Bloggary #3: Writing for the Next Generation

Writing to communicate with others has been around for centuries, originally starting with cave drawings and paintings and then developing into more formal writing systems. Some educators claim that in recent years students have become less able to communicate using effective writing. However, I believe that students are no worse, the writing style has evolved with new technology. Writing experts Daniels, Zemelman and Steineke (2007) mention students distaste in writing, “Teachers often sat that kids hate writing. But maybe what they hate is the kind of writing we make them to do” (p. 3). New technology encourages writing, Facebook and text messages are the main form of communication for the Millennial generation (those born into the technology revolution). The Baby Boomer generation (those born within 20 years of WWII) and Generation X (those born between the Baby Boomers and Millennials) have quickly adopted email as an effective form of replacing snail mail. Hence, people enjoy writing, just maybe not the type of writing that is valued in academia. Recognizing the differences between generations can help understand how writing has changed throughout the years.

John Seely Brown (a Baby Boomer) is credited with creating the first prototype for the modern spell checker (Krishnamurthy, 2005). Many improvements have been added throughout the years, including grammar correction (the dreaded little green line) in computer word processors. These innovations have assisted in the so called “writing crisis” facing public education. However, if we can harness the current writing style, educators can use student writing as a learning tool. Too often writing is limited to english and history classes, however, if educators use writing to help students reflect on their work, explain their ideas and learn how to articulate step by step instructions, writing has a valuable place in the education system.

Daniels et al. (2007) suggest exit slips and reflective journaling to use writing as a learning tool. Exit slips are a form of reflective journalling for students to complete after a lesson. Given a prompt, this tool can help students think about their learning and identify improvement areas, or it could provide vital feedback for teachers (p. 35-39). Future lessons can be constructed using student feedback to identify areas of struggle or class improvement suggestions. Exit slips are just as valuable for the student as they are for the teacher. Additionally, the reflective aspect helps students review concepts before moving to their next class. Reviewing material supports the cognitive process of storing short term memories into long term memories (Medina, 2008).

Within math and science topics, students are frequently overwhelmed with information in the content they are reading. By adopting a less formal writing techniques, teachers can use drawings as a form of writing knowledge obtained from a passage (Daniels et al., 2007). Encouraging students to write down all of the information in a complicated problem helps them articulate clear understanding of their reading. In drawing form, students can use math and science skills to learn within that domain. After, writing is important to explain the steps and procedures for solving them problem. Another approach to drawing is to use clusters to connect central concepts (Daniels et al., 2007). In a math classroom, making a cluster map can visually represent central ideas together and make connections between the mathematical concepts.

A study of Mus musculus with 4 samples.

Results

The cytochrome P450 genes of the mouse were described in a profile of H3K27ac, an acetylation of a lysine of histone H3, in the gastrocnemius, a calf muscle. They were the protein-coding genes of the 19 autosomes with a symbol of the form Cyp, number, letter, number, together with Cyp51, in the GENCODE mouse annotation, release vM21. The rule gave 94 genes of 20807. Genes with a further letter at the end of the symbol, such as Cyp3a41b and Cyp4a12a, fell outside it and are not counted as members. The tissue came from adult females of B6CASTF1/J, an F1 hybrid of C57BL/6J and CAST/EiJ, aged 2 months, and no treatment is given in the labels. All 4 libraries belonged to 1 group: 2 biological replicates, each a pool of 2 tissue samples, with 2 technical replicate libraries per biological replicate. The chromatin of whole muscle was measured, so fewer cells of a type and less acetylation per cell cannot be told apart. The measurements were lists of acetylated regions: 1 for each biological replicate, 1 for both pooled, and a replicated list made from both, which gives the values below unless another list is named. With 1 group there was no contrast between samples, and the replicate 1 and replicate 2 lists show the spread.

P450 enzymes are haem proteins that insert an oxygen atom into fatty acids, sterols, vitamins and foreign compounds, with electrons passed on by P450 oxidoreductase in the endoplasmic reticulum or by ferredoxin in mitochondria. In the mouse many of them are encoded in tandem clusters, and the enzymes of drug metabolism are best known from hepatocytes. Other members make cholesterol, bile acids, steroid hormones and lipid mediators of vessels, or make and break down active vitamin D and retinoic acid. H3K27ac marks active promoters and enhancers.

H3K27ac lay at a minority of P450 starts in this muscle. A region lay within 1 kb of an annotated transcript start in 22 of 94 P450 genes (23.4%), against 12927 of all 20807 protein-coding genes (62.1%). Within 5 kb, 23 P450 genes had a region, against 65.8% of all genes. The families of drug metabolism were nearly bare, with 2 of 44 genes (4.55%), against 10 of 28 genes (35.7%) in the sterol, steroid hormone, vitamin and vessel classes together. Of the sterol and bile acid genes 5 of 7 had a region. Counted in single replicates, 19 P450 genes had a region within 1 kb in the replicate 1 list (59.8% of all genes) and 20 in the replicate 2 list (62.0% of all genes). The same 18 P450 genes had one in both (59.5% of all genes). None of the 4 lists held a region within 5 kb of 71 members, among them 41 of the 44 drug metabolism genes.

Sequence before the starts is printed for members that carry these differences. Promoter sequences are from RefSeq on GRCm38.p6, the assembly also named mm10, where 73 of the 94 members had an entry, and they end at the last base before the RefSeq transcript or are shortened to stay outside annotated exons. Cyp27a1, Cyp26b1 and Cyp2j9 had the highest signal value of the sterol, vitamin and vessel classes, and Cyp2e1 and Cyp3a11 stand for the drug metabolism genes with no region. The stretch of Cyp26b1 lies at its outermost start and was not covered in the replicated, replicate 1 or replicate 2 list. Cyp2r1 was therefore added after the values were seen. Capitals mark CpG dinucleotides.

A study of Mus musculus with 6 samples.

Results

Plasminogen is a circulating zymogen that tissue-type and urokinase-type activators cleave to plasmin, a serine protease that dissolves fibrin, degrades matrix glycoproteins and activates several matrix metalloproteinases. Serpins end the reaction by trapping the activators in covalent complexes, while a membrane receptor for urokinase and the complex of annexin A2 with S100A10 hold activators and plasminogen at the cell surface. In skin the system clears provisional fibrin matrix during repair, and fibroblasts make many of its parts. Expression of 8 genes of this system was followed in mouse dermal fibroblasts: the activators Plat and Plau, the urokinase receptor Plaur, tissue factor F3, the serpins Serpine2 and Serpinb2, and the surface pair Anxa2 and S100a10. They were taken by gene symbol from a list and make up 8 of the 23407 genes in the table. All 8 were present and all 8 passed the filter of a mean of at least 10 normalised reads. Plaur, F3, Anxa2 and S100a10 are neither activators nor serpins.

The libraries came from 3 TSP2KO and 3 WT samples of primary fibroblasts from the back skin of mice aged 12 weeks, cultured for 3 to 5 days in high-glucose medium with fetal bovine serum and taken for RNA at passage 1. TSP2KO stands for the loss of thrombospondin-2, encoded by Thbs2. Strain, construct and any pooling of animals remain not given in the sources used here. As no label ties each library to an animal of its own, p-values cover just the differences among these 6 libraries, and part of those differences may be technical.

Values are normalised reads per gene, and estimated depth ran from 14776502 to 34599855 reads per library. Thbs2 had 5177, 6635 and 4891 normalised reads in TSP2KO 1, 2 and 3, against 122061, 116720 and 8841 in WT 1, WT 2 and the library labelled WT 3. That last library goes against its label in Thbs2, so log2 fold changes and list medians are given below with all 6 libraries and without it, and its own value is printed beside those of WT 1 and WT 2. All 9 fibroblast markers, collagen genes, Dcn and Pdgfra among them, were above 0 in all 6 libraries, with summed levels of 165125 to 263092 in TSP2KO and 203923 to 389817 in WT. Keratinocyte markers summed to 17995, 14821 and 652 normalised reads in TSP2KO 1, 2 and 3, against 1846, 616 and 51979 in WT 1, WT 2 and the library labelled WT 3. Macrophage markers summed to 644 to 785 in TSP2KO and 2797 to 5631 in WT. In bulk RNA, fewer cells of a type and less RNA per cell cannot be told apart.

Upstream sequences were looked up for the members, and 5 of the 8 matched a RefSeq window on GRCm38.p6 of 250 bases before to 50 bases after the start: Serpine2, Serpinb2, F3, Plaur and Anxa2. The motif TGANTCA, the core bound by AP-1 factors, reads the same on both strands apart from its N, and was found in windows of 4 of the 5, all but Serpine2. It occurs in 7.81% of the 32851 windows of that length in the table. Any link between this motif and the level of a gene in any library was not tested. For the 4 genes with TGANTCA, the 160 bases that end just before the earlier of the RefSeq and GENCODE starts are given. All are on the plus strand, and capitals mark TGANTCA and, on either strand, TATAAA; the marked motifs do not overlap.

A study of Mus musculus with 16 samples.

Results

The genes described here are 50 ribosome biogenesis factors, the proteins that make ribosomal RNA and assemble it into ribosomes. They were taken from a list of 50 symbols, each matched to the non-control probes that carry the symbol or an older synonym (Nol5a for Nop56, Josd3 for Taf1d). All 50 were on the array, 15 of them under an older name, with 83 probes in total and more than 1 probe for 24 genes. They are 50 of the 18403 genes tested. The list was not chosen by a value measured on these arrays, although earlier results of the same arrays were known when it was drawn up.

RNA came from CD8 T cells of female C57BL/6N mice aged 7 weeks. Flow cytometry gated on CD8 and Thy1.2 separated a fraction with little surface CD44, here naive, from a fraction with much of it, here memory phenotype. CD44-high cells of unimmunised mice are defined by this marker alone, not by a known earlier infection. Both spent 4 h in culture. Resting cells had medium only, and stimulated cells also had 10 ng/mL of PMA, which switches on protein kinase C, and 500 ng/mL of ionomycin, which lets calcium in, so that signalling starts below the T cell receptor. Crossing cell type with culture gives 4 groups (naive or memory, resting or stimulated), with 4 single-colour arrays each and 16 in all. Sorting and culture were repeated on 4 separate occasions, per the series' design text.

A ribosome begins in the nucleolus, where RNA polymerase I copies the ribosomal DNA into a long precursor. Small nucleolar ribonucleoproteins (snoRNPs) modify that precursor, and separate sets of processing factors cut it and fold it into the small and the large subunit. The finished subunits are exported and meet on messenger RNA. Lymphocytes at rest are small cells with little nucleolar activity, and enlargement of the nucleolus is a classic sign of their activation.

Finally, Daniels et al. (2007) claim, students remember “50 percent of what they see and hear, 70 percent of what they say and write and 90 percent of what they say as they do a thing” (p. 26). While visiting a mentor teacher, I observed a project where students created study guides and learning tools for future classes. They were encouraged to engage with the material as they use peer to peer writing techniques to explain the math skills they used throughout the year. According to the instructor, peer teaching demonstrates a clear understanding of the topic.

So, writing is being used in creative ways that are less formal than essays or analysis papers, it is being used to converse and effectively communicate with teachers and other students. Writing in high schools is not in crisis mode, rather the culture of formal writing is slowly changing to meet modern needs for effective writing. Teachers have invented and adopted methods of written communication that will help lead to effective workplace communicators.

 

Sources:

Daniels, H., Zemelman, S., & Steineke, N. (2007). Content-Area Writing: Every Teachers Guide ( ed.). Portsmouth, NH: Heinemann.

Krishnamurthy, S. (2005, October 19). A-List overdue on campus. The Michigan Daily.

Medina, J. (2008). Brain rules: 12 principles for surviving and thriving at work, home, and school. Seattle, WA: Pear Press.